Monday, 2 December 2013

Why The BBC should lose our licence fee

Let us first look at our once universally much admired national institution, the British Broadcasting Corporation.  The last three decades have seen its reputation diminished by the actions of its own employees as a majority of them sought to use its monopoly power and assured revenues for social engineering and the advancement of socialism, equality, diversity, multinationalism, full membership of the European Union, and the march of ugly, expensive and uneconomic wind turbines across our green and pleasant land.  
        It has been increasingly accused of being as dishonest in matters of truth (formal description of Anthropogenic Global Warning freaks as “scientific experts”), corrupt in intellect (paid by the EU to present its unbalanced news and biased opinion), distorted in vision (its corporate view of President Obama’s socialism as sustainable), inefficient in operation (Newsnight’s paedophilia charges broadcast unchecked), grossly overstaffed (monstrously burdened with sclerotic layers of mismanagement), and conspiritorily  egocentric in rewards (such as the reported £354,000 salary for a Head of News).
        MoD watchers cannot resist a smile.  The sensitivity of defence matters is used successfully to protect the MoD from public scrutiny, and with no knowledge of its internal workings the electorate can neither understand nor have grounds to criticise its abysmal operational and financial performance, but the BBC has now provided a frame of reference that facilitates informed criticism.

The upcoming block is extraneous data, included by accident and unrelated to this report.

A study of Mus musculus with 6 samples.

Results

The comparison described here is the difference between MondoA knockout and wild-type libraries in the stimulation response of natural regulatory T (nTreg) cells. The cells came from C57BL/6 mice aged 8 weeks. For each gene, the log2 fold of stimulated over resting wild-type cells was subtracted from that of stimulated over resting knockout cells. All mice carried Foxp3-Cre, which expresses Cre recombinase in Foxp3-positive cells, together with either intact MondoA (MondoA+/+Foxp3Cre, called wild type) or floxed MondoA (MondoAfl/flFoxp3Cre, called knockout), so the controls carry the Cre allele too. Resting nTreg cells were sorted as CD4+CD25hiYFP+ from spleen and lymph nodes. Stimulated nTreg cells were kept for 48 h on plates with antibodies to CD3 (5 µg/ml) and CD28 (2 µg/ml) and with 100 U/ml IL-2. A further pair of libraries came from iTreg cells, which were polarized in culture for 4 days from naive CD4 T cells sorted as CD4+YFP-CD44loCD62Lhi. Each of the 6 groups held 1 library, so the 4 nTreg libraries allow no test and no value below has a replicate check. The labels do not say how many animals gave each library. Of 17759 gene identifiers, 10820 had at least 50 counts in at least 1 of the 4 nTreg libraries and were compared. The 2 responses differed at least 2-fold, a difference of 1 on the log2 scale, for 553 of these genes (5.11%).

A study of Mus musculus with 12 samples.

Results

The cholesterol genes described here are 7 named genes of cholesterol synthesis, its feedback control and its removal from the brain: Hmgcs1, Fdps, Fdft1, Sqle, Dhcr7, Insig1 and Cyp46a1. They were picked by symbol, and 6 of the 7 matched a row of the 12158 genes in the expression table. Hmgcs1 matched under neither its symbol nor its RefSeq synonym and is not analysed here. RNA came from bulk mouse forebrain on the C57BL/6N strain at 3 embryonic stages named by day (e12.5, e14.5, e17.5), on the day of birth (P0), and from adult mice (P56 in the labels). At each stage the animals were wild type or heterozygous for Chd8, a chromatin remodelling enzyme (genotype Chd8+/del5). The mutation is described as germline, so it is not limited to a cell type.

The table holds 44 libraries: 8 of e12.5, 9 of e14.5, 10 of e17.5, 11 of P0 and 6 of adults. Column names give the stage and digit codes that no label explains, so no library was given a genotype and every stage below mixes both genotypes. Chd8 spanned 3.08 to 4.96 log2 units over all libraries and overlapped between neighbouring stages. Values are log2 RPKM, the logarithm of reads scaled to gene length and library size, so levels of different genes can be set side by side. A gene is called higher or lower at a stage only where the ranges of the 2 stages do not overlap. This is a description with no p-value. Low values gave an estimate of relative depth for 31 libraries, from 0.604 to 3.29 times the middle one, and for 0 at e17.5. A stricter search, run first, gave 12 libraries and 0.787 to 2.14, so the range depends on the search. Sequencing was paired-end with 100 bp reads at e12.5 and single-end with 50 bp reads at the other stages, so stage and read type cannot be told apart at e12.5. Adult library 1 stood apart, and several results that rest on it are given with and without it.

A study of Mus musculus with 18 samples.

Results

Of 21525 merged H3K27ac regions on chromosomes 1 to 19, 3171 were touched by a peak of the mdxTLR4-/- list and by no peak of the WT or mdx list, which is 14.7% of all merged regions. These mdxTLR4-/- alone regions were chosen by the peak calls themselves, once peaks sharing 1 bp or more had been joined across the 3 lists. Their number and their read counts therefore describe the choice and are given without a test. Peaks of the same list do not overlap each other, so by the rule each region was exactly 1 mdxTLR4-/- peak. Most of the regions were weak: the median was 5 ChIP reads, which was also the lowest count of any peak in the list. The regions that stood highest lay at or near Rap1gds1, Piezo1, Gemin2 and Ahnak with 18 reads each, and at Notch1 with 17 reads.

The MoD is dishonest in matters of truth (the defeat in Basra represented as a success), corrupt in intellect (believing almost everything promised by BAE Systems), distorted in vision (the Strategic Defence & Security Review [SDSR] divorced from reality), inefficient in operation (£4,500,000,000 wasted on unconvertible Nimrods), grossly overstaffed (forty times the number of procurement personnel used by Israel for the Israelis’ much larger punch), and conspiritorily egocentric in rewards (such as the absurd £168,000 bonus for the clerk who oversaw the excavation of what the Defence Secretary claimed was an embarrassing “black hole” of £37.5 billion, and who recently masterminded the financial disaster of the Typhoon).